As of 22 June 2022, numbers of SARS-CoV-2 infections continue to decrease in South Africa, following the recent resurgence associated with the emergence of the Omicron BA.4 and BA.5 subvariants in South Africa. While numbers of cases and percentage testing positive did increase in this resurgence, the decoupling of numbers of hospitalisations and deaths from cases, first observed in the Omicron BA.1 wave continued.
Substantially lower numbers of hospitalisations and deaths were observed in this resurgence compared to any previous wave including the Omicron BA.1 wave. High levels of population immunity are likely a major contributor to the reduction in the burden of severe illness and death in South Africa, with a recent study by the South African National Blood Service estimating that 98% of South Africans have detectable antibodies to SARS-CoV-2. These antibodies are a result of infection, vaccination or a combination of the two.
In the context of high population immunity and lower disease severity the decision has been made to lift the COVID-19 regulations implemented as part of the National State of Disaster. However, it is important to keep in mind that SARS-CoV-2 will continue to circulate in the community, and therefore the potential for new variants or subvariants to emerge, and in turn cause surges in the number of cases exists. Therefore, continued monitoring of the SARS-CoV-2 trends and changes in early warning system indicators is important.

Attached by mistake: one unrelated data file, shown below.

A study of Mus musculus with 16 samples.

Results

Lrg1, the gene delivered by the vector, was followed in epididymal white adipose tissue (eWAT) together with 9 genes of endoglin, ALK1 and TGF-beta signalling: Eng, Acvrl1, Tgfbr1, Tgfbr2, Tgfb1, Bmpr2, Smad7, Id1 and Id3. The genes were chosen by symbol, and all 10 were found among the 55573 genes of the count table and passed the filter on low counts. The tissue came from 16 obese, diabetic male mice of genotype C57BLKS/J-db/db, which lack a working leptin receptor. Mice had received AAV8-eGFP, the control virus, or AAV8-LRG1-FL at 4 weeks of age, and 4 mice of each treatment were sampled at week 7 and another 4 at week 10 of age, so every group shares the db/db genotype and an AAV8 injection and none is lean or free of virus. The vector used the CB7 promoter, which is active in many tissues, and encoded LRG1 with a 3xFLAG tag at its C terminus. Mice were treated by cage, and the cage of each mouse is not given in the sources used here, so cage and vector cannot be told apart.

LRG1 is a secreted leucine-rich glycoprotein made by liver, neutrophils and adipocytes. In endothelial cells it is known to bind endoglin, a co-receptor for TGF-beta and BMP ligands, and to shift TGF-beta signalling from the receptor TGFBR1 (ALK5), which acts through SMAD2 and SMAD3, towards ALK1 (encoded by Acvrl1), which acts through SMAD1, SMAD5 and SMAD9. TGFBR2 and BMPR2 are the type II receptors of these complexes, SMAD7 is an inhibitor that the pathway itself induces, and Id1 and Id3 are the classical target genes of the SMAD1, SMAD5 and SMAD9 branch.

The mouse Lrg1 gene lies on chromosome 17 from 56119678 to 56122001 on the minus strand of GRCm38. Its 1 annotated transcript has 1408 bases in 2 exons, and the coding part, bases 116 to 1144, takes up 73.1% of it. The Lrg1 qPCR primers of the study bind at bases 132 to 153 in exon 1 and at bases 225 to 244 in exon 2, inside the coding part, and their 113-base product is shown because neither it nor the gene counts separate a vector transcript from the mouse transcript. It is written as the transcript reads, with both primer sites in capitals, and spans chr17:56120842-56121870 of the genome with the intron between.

The National Institute for Communicable Diseases (NICD) will continue to monitor the trends in the number of SARS-CoV-2 tests performed, the positivity rate, and the number of cases. In addition, the trends in COVID- 19-related admissions and deaths will be monitored through the DATCOV hospital surveillance programme. We will also continue to monitor levels of SARS-CoV-2 in wastewater. Should there be any trend in these data suggesting a potential resurgence, the National Department of Health, NICD and others will be alerted to the early warning signals from the above surveillance programmes, and take early action to inform appropriate public health response.
Recommendations for control of COVID-19 following the lifting of COVID-19 regulations
Vaccination is the most effective method for preventing and controlling severe COVID-19, and people eligible for COVID-19 vaccines must get vaccines and boosters as indicated in the national programme. A South African study found that among individuals vaccinated with the Ad26.COV2.S (Johnson & Johnson–Janssen) vaccine, the vaccine effectiveness against hospitalization for COVID-19 was 74% (95% confidence interval [CI], 57 to 84) at 14 to 27 days post vaccination, and 72% (95% CI, 59 to 81) at 1 to 2 months.